Most Active Stories
- Black While Policing: A Miami Officer Shares His Experience
- South Florida Author Examines Miami Race Relations And The "Yiddish N-Word"
- Why It's Time For A Reality Check On Normalizing Relations With Cuba
- How To Deal With Florida's Growing Panther Population
- The Sunshine Economy: Magic And Mike (Fernandez)
Thu January 9, 2014
While U.S. Shivers, Australia And Brazil Sizzle
Originally published on Thu January 9, 2014 12:18 pm
If you've been longing for warmer weather, here's some news from The Weather Channel that you might want to file under "be careful what you wish for":
"Bats are dropping from trees, kangaroos are collapsing in the Outback and gardens are turning brown. While North America freezes under record polar temperatures, the southern hemisphere is experiencing the opposite extreme as heat records are being set in Australia after the hottest year ever.
"Weather forecasters in Australia said some parts of the sparsely populated Pilbara region along the rugged northwest coast on Thursday were approaching 50 degrees Celsius (122 degrees Fahrenheit). The record high of 50.7 degrees Celsius (123.3 F) was set in 1960 in Oodnadatta, South Australia state. ..."
According to The Blaze, the heat in Australia "is so severe that it has already caused up to 100,000 bats to die under stress, littering the ground and alarming authorities who warn locals not to touch the animals for fear of infection."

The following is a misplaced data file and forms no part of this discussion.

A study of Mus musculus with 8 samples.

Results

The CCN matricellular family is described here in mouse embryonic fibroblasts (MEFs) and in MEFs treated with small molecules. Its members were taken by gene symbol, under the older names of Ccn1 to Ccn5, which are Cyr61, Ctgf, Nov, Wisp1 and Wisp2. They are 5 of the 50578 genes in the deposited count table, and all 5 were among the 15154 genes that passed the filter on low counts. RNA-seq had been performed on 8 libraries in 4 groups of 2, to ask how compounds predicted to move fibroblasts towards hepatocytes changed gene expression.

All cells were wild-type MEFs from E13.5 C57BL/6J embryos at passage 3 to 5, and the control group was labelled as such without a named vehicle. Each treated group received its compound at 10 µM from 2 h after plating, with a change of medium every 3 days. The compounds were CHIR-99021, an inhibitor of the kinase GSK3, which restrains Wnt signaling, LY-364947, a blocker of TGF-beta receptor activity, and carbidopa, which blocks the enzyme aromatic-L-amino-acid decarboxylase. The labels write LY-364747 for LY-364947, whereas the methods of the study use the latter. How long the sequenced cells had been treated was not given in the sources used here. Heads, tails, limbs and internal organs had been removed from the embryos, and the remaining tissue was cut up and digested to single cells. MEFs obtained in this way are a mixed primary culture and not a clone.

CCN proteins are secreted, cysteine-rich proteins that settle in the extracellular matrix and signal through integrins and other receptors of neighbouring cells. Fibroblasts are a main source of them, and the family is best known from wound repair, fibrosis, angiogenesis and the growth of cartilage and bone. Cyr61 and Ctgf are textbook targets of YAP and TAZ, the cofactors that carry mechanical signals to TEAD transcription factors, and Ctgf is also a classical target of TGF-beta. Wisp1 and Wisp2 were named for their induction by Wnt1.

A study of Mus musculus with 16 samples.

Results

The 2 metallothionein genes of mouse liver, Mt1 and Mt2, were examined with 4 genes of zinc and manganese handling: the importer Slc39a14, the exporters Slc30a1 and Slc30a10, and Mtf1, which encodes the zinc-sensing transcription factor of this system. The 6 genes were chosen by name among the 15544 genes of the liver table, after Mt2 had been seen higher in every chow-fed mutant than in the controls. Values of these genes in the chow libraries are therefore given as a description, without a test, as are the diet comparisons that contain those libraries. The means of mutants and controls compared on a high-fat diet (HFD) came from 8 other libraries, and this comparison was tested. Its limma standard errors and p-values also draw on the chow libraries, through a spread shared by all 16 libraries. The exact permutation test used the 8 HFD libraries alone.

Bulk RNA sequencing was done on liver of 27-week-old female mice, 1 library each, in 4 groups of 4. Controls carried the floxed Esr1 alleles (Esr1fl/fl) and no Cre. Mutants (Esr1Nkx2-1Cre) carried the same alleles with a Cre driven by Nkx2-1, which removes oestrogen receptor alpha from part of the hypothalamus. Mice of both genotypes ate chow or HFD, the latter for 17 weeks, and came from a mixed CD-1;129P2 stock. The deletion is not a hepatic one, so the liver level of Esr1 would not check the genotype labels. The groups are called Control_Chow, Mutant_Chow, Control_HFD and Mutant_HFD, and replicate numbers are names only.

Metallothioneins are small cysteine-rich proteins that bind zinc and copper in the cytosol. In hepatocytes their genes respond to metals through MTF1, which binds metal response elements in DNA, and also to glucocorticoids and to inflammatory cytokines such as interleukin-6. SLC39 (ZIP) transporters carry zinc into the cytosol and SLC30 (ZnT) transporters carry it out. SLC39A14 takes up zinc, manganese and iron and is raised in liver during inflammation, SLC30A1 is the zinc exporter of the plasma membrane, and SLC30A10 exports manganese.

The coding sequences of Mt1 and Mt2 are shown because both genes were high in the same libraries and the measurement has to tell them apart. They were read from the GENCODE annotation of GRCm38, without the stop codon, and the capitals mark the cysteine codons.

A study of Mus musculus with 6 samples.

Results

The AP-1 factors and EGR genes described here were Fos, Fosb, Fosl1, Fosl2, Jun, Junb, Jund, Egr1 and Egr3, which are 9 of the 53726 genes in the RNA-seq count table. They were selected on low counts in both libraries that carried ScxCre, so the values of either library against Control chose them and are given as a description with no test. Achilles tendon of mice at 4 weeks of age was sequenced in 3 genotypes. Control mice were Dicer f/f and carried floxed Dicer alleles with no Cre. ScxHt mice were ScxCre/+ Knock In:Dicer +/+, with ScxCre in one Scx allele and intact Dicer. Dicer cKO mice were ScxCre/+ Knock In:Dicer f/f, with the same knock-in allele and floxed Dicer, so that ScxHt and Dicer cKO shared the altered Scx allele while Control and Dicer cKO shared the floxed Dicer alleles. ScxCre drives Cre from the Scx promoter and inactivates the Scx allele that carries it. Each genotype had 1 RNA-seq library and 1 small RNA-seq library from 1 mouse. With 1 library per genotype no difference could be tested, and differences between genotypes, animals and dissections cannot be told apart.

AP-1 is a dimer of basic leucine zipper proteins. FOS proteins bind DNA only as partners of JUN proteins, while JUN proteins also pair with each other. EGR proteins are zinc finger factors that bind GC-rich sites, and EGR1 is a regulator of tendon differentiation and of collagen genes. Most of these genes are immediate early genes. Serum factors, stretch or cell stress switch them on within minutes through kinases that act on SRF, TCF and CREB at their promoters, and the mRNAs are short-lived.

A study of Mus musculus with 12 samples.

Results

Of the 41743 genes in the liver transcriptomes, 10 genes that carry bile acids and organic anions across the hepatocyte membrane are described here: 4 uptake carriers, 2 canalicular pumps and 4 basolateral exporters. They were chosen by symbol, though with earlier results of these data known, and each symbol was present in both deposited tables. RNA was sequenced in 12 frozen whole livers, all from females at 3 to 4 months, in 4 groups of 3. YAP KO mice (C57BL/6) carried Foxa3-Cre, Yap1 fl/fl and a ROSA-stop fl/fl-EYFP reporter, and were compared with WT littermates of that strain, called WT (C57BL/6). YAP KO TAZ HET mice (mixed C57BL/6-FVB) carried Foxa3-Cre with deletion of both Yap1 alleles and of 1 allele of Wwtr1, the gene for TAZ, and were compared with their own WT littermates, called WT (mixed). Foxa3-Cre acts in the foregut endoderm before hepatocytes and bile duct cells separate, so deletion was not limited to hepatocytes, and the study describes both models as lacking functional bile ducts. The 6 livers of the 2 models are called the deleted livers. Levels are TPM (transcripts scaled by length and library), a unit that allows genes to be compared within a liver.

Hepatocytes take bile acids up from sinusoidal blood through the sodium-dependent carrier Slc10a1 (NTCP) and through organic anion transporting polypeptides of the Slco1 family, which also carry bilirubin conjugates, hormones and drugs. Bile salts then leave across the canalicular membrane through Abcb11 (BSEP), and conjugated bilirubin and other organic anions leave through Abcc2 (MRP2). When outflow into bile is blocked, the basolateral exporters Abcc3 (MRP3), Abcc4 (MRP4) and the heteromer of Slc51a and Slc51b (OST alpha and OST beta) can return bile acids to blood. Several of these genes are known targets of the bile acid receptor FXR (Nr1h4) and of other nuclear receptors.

The Perth Now news site says the thermometer will hit 44 degrees Celsius on Saturday. That's 111 degrees Fahrenheit.
Folks are sweating in other parts of the Southern Hemisphere, as well.
"Brazil is also sizzling, with the heat index reaching 49 degrees Celsius (120 F). Zookeepers in Rio de Janeiro were giving animals ice pops to beat the heat," The Weather Channel adds.
Argentina has only in recent days begun to breathe easier. A heat wave there during much of December "put stress on the electrical grid of Argentina resulting in blackouts that have left many without power and any way to cool down," AccuWeather.com writes.